Рецензия от Mithra! Templezine на сборник «Labyrinth»

Размещено 10 Сентября 2017
review, english

Рецензия от Mithra! Templezine на сборник «Labyrinth» “Before unearthing this letter, I had questioned myself about the ways in which a book can be infinite. I could think of nothing other than a cyclic volume, a circular one. A book whose last page was identical with the first, a book which had the possibility of continuing indefinitely.”

Jorge Luis Borges, Labyrinths

The question of the infinite in regards to a poetic text – be it prose, paint or performed on an instrument – is unlikely to have been far from the mind of Raffaele Pezzella when curating this two hour plus compilation of twenty-two tracks from twenty-two separate projects. Something which can forever be returned to and which reveals an ever increasing scope must surely be considered fathomless. This is firmly rooted within the concept of the labyrinth. A musical path is laid out. Curated. It is a trail which requires your trust, your submission. To embark upon such a journey demands a receptive mind.

From The Omen by Xerxes The Dark to Psionic Asylum’s opener When The Shadows Come, tenebrous motifs are worn on discernible sleeves. Ambient drones attempt to scythe the tethers joining them to this idea of a singular path. Samples and field recordings add grim textures to haunting tracks by the likes of Sonologyst, SiJ, and the Ecuadorian experimental project Damballah. These are the sounds of blackened rituals being performed in abandoned sacred sites. Troubling energies are invoked and obscured. A form of malice drifts in upon the whistle of an arctic wind. Necrophorus drowns a lullaby.

Straying from the content of this compendium for just a moment, it is interesting to ruminate upon a further meaning of the term “labyrinth”. The sound signals, which we receive whilst listening to music, travel through a hollow cavity in the temporal bone of our skulls. This is a system of passages known as the labyrinth and which exists within our own ears. Listening to Labyrinth via a labyrinth is just the sort of meta trickery that might dissuade resistant souls from continuing any further. Remain open-minded and yield to the sonic poetry on display here, however, and perhaps the depths of layered multiverses might just reveal themselves. As Gaston Bachelard wrote in his highly influential work, The Poetics of Space:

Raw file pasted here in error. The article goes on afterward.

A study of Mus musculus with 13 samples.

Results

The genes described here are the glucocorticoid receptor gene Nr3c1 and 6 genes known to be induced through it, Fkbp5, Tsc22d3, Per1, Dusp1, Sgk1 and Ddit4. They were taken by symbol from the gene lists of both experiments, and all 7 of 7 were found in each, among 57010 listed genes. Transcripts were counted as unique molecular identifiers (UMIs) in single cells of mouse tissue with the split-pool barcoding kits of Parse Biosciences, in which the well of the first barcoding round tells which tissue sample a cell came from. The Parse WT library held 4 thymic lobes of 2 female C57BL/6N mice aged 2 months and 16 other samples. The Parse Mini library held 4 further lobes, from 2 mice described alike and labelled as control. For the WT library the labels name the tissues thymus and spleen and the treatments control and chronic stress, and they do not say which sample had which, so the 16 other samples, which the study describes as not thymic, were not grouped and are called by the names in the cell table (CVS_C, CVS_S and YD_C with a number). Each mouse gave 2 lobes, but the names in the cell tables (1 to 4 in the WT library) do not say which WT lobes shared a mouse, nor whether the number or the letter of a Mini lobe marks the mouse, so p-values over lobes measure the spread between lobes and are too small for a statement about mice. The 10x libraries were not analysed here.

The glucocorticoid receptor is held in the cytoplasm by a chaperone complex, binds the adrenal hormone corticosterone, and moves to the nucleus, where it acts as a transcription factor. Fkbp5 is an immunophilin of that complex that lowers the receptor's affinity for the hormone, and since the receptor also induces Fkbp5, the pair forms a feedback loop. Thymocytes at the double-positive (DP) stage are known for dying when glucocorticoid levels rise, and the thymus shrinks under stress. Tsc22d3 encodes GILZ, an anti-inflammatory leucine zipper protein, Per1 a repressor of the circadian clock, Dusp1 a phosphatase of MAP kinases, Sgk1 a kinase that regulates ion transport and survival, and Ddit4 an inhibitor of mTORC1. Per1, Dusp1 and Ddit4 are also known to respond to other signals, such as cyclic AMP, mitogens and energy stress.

“All important words, all the words marked for grandeur by a poet, are key to the universe, to the dual universe of the Cosmos, and the depths of the human spirit”.

Our universe is inseparable from our human spirit. Our labyrinth is our unicursal existence. Drawn along a time-driven line, bookended by birth and death. The two certainties. Our unavoidable fate.

Whilst this impending horror might not be the sole theme for all the musicians on this compilation, the dark, brooding nature of the tracks included evidently show a desire to dabble with worlds both shadowy and treacherous.

With sheets of Doppelered synths, Silent Chaos returns us to the theme of King Midos’s imprisoned and deformed son. The famous labyrinth of Greek mythology. A countdown to the brokenhearted tears of a just ruler mourning his slain offspring. Here sorrowful, warped strings sag with longing against primitive pounded toms. IOK-1’s introverted We’ll Return To Our Departed Selves reaches out into the cosmic void, searching for the artist’s namesake within Coma Berenices. There is a dejected and defeatist stance to the clacking percussion that sees this track out before the blaring, Roly Porter-aping, blasts of Soliloqua brings dramatic end-of-days visions to proceedings.

Monica Vlad then takes her turn with piercing atonality and tetchy string scrapes that descend through a muffled industrial fug. And finally Labyrinths is rounded off by SKR Project’s study on mimicked thunder and paranoid plinks. Whilst not quite returning to the identical page that Psionic Asylum wrote in on, Borges can rest happy with the knowledge that this compilation’s loop through the labyrinth certainly has the possibility of continuing indefinitely.